Find tutorials about conducting Qualitative research, including resources on methodologies and software.

Conversion

Comparisons

Note the date of these sites, as software changes frequently!

Software Independence

All the major Qualitative software packages have implemented an exchange file format allowing you to transfer your project from one software to another. We highly recommend using a software that supports the project exchange format OR that is open-source. 

  • Project Exchange  -  Allows the entire project to be converted from one software to another. Do NOT expect that that complex projects or those using special features of a software will be transferred as desired. You can expect the transferred project to include all documents and any straightforward coding. 
    • Supported by: ATLAS.ti, Dedoose, Leipzig Corpus Miner, MAXQDA, NVivo, QDA Miner, Quirkos, Transana
  • Codebook Exchange - Allows the codebook to be transferred from one software to another.
    • Supported by: the above plus f4analyse, HyerRESEARCH

Popular Software

Primary Full-Feature Software Packages

  • Atlas.ti - Originally designed for Grounded theory analysis, Atlas.ti excels at memos and other tools for theory building. It also has network tools and a companion online version. Recent versions have greatly improved labeling and added features that were standard for it's competators. 
  • MAXQDA - Although newer than others, MAXQDA takes advantage of this with many colors, emoji's, and on-the-fly filtering. The interface tends to be more cluttered and redundant, but an identical interface across platforms, regular improvements, and free course licenses and read-only access to projects make it an attractive option. 
  • NVivo - A streamlined and familiar interface and support for a variety of data types and organizational structures make NVivo a good all-around choice for any project. But, annotations and memos are less integrated than they should be, and the Mac version has both fewer features and a different file type (hindering collaboration). Those, combined with the increasingly restrictive and expensive licensing, has many looking elsewhere. 

Good Alternatives

Free/Open Source

  • Taguette - Simple, but pleasant web interface supporting just basic code-and-retrieve. Supports sensitive data with a local or server install, or use their free server. 
  • Qualcoder - Python-based with an installer for Windows only (must run from source on Mac). More full-featured than other free options, including colors, cases, and right click menus (see a video demonstration). Accepts Word documents, pdfs, images, and video, Takes a bit of work to get started, but easy to use once learned. 
  • TAMS Analyzer - (MAC only) A long-available option that was recently updated. It only accepts PDF, TXT, JPG, and RTF files (which Word can save as). It visibly tags text with the codes and allows for basic code and retrieve.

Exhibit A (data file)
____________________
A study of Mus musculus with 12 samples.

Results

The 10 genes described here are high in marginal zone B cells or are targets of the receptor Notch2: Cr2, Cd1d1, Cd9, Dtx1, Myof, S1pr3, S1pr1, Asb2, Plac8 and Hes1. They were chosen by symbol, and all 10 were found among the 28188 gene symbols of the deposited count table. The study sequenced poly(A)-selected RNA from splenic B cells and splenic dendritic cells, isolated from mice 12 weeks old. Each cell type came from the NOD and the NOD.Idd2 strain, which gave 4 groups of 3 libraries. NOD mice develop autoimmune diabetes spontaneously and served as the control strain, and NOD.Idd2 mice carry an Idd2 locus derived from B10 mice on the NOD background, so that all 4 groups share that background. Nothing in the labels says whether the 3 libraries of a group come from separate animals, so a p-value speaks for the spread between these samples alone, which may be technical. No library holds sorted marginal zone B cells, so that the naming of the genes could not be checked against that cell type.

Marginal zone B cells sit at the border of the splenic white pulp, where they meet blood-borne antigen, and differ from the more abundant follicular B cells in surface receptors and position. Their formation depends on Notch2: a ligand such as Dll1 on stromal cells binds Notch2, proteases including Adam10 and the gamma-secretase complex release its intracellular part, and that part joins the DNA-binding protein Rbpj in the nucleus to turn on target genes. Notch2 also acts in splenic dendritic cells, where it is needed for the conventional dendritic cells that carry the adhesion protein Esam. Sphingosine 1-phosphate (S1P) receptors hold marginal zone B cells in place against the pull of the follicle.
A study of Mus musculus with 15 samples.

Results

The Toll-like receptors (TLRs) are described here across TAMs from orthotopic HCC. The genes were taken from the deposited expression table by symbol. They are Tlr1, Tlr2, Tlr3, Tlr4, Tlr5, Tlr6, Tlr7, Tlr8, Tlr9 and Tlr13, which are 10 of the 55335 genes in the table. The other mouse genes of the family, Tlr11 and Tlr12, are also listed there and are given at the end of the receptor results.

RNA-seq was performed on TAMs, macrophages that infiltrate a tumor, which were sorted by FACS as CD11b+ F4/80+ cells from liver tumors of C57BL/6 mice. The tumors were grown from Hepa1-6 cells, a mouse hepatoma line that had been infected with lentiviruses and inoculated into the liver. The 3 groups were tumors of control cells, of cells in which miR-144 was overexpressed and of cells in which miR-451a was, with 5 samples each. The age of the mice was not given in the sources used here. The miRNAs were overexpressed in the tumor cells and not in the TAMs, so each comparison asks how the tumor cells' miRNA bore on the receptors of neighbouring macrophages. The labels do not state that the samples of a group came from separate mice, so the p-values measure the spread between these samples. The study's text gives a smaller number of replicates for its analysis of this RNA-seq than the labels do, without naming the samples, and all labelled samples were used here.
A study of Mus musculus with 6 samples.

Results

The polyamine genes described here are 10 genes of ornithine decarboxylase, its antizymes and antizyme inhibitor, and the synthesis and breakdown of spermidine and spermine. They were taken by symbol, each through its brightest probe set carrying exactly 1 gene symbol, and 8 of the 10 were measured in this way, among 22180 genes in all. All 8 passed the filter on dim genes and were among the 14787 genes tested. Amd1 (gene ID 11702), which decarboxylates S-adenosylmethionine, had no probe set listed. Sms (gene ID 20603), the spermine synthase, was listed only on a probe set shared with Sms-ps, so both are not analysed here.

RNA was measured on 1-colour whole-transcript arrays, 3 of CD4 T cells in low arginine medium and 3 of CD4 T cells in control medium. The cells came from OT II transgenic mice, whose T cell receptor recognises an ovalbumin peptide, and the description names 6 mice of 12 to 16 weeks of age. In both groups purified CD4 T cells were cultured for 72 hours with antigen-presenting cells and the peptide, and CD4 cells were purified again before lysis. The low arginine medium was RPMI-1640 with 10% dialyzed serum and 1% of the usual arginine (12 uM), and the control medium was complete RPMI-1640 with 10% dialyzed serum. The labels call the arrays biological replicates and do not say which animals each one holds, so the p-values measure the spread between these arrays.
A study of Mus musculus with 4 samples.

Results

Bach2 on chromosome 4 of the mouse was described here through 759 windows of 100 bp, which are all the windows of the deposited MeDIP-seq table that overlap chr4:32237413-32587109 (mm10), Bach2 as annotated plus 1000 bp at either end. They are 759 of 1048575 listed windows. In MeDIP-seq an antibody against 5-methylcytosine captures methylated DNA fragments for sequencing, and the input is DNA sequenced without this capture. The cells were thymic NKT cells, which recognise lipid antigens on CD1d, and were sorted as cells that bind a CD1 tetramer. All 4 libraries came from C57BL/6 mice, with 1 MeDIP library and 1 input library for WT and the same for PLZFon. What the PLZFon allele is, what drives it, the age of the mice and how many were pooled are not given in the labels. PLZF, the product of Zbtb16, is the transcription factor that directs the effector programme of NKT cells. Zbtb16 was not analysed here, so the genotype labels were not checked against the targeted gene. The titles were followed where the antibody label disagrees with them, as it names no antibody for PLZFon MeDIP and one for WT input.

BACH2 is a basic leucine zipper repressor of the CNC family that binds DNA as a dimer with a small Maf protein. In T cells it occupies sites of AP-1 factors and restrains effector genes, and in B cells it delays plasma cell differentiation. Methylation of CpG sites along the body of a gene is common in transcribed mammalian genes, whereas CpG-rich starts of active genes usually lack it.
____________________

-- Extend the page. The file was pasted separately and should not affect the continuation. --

• QCoder - R package with some point-and-click options (must install R first). Best for those already using R for quantitative needs and desiring some mixed methods options. 

Convenient

  • Excel or Google Sheets or Calc - Any spreadsheet program can do basic code and retrieve using the filter and pivot table functions which all of them have. See this video on Qualitative Analysis Using Excel (TrixieMay Racer)
  • Quirkos - with student licenses $21 for 3 months with cloud storage. Non-standard but colorful and simplistic interface. Best for shorter documents. 

Online: These make it easier to collaborate with others and offer per-month pricing, (~$10-20/month), good for shorter projects

  • Atlas.ti Cloud - Slick and colorful, but not full-featured, this is a great software for first-time users with uncomplicated needs. 
  • Dedoose - Designed for mixed methods projects with fewer but more complex codes (allows ratings), this full-featured online software is a solid choice in some circumstances, especially distributed groups with somewhat complex projects, or those that would benefit from monthly pricing. 
  • Delve - Designed for interview or focus group transcripts, it is slick and easy-to-use with some advanced features such as participant descriptors. See education pricing

Windows-Only

  • QDA Miner - An older interface and no Mac support hinder this otherwise-solid and full-featured software. A FREE lite-version for basic features and the suite of additional software may make it worth a look, though, if your computer is compatible.

Other Options

These do not seem to have any advantages over the above at this time, unless simplicity is the primary goal or a perpetual license (for $75-200) is desired.

  • f4analyse - Evolved from transcription software. Available for Linux. Very simple coding and clean interface.
  • HyperRESEARCH - Mac-like multi-window interface. Easy to code and does not require a powerful computer. Demo mode for small projects.
  • transana  - Evolved from transcription software. Particularly good for media files.